Beacon on the hill

David Sellers
Photo by Mark Hancock

The Capitol Hill Beacon was established in 1905 as the Capitol Hill News, and David Sellers became a publishing partner in 1967 after learning printing and presswork and earning his journalism degree. He is also known as a leader in the Capitol Hill and south side area of OKC, with a strong bond that runs deep in volunteerism throughout the community.

Over the decades, society and publishing changed rapidly.

The difficulty was when there was an exodus of businesses and residents from the Capitol Hill area to the suburbs in the 1970s.

“There were many factors that led to the crossroads,” Sellers said. “Businesses hold the publication together, [and] when businesses moved out, school population dropped off by half.”

Fortunately, there is a Main Street program underway to bring new life and revitalization to the Capitol Hill area.

As
the area has experienced ups and downs, Sellers too has had to adapt to
his changing neighborhood and to changes in the publishing business.

In
1945, when Eugene Sellers bought the paper, foundry type was still in
use. In the 1970s and 1980s, offset printing swept the industry. In
1985, the Beacon was the first newspaper in Oklahoma to embrace
Macintosh computers. Sellers still has one of those old computers in his
possession. It was on display at a recent farewell party for the paper
at Grill on the Hill, 324 SW 25th St.

The
newspaper has focused on local news coverage, business, community
events, classifieds and sports, but it has also covered the odd story or
two; one of the most infamous is the “bear story” in 1958. Sellers
recited the story with his own unique flair.

Buck Robinson, a rodeo clown, entertainer and rather rough character, had a rodeo act that included a black bear.

As
a practical joke, Robinson walked his 600-pound bear on a leash into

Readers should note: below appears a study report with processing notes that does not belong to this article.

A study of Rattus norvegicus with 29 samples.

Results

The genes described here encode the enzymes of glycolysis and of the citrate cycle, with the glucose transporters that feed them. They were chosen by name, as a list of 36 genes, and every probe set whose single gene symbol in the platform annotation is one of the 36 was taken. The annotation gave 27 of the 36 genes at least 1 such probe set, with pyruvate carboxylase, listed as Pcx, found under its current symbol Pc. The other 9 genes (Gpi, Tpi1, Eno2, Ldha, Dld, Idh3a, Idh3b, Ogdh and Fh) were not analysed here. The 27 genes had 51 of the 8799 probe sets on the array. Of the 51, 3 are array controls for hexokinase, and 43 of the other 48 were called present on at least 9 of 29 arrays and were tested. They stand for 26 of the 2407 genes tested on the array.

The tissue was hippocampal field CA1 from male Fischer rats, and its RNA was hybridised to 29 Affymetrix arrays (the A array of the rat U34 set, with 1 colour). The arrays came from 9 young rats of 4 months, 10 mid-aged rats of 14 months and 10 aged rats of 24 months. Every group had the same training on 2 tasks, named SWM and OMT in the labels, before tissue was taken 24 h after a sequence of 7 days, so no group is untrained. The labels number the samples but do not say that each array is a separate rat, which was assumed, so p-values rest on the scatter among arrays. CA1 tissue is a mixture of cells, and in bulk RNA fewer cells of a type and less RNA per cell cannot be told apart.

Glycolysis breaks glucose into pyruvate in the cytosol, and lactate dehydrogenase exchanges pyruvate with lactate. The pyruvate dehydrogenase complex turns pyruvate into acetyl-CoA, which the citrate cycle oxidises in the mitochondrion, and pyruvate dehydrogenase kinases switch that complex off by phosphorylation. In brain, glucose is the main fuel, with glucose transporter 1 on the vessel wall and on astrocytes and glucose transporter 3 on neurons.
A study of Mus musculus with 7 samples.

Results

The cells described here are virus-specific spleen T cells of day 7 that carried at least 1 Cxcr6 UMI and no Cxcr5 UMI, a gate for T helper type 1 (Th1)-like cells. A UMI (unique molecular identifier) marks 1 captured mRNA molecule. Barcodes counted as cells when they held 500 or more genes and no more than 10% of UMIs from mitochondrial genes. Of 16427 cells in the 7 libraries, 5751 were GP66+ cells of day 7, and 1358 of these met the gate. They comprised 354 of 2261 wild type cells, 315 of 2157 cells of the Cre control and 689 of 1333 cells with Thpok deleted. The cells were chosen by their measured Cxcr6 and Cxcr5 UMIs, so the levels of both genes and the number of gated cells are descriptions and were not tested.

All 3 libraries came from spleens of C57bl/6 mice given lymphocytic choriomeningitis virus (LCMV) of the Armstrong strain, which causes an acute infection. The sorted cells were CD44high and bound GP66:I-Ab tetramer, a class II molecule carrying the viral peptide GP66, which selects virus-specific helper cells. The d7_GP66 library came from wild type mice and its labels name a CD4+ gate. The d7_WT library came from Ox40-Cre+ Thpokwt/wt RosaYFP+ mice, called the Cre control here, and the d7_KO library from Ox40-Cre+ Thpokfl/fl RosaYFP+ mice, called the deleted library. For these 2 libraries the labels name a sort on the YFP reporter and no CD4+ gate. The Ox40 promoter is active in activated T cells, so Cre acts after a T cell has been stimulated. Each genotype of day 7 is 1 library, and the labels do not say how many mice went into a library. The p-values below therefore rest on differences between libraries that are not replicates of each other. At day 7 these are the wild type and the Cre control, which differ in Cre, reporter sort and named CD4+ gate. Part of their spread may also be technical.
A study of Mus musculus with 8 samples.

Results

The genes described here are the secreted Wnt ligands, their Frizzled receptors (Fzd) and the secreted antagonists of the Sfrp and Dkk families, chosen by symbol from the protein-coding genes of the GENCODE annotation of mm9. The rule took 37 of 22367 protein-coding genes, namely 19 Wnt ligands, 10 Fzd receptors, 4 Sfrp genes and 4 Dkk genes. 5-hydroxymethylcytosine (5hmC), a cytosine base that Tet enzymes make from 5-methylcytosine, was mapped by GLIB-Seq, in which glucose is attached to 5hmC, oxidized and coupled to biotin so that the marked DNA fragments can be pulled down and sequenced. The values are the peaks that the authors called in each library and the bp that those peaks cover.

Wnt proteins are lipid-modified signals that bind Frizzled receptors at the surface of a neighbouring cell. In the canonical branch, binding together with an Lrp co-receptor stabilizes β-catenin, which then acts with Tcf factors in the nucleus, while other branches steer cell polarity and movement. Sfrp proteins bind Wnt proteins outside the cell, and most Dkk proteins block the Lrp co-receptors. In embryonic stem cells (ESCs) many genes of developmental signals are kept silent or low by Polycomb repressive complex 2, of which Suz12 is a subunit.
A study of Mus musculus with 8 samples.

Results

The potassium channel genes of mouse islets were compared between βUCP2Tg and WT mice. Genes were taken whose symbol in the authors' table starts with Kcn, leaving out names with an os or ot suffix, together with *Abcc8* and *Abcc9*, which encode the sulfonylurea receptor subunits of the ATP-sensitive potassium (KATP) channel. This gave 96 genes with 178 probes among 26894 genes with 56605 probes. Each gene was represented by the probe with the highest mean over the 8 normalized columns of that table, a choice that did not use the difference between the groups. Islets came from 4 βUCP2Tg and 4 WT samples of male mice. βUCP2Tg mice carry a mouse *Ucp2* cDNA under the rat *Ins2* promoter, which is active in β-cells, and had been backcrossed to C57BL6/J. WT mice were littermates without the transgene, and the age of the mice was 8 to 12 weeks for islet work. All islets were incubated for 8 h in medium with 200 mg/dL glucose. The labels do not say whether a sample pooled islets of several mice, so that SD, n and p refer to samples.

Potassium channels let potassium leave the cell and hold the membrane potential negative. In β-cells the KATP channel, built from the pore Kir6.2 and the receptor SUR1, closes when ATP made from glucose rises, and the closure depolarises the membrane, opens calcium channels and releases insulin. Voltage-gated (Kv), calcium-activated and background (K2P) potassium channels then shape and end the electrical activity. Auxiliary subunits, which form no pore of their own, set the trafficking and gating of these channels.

the former Capitol Hill Coffee Shop, at the time on S. Robinson Avenue
(near the Beacon office). Knowing ahead of time that this was going to happen, a Beacon photographer was there, poised to capture the moment.

The
coffee shop’s cook was frying chicken and became terrified and ran out
the door when the bear entered the restaurant. When the photographer
snapped the picture, the flashbulb exploded, scaring the bear and
causing it to run out into the street, dragging Robinson after it.

What does Sellers think will remain the same in journalism throughout time?

“There will always be a need for journalists to digest the news for others,“ he said.

In February, it was announced that the Choctaw Times purchased the Capitol Hill Beacon and transferred its subscriber base and legalities to the Mustang Times.

When asked about his philosophy on life, Sellers recounted his take on the nursery rhyme “Row, Row, Row, Your Boat”:

“Row, row, row your boat. Work your own boat; don’t work other people’s boats.

Gently down the stream — not upstream, down the stream; go with the flow.

Merrily, merrily, merrily merrily; enjoy life, enjoy yourself!

Life is but a dream. Life is a memory.

It’s what’s left. You can’t see the future. You can’t change the past. It’s a dream. All you have is right now, the present.”

Members of the community expressed their sadness that the interminable paper was finished.

“David Sellers is an amazing man, a pillar of our community, and losing the Beacon and
his honest perspective on news through his eyes leaves a void in our
neighborhood,” said Elaine Lyons, president of South Oklahoma City
Chamber of Commerce.

With
the paper sold, Sellers and his wife, Gay, plan to move to Arkansas to
be closer to their family. The couple plans to collect and organize all
of the Beacon archival material and eventually put it on the Internet.

Angela Botzer

This material falls under the archives category because it was imported from our previous website. It will eventually be filtered into the proper category as time allows.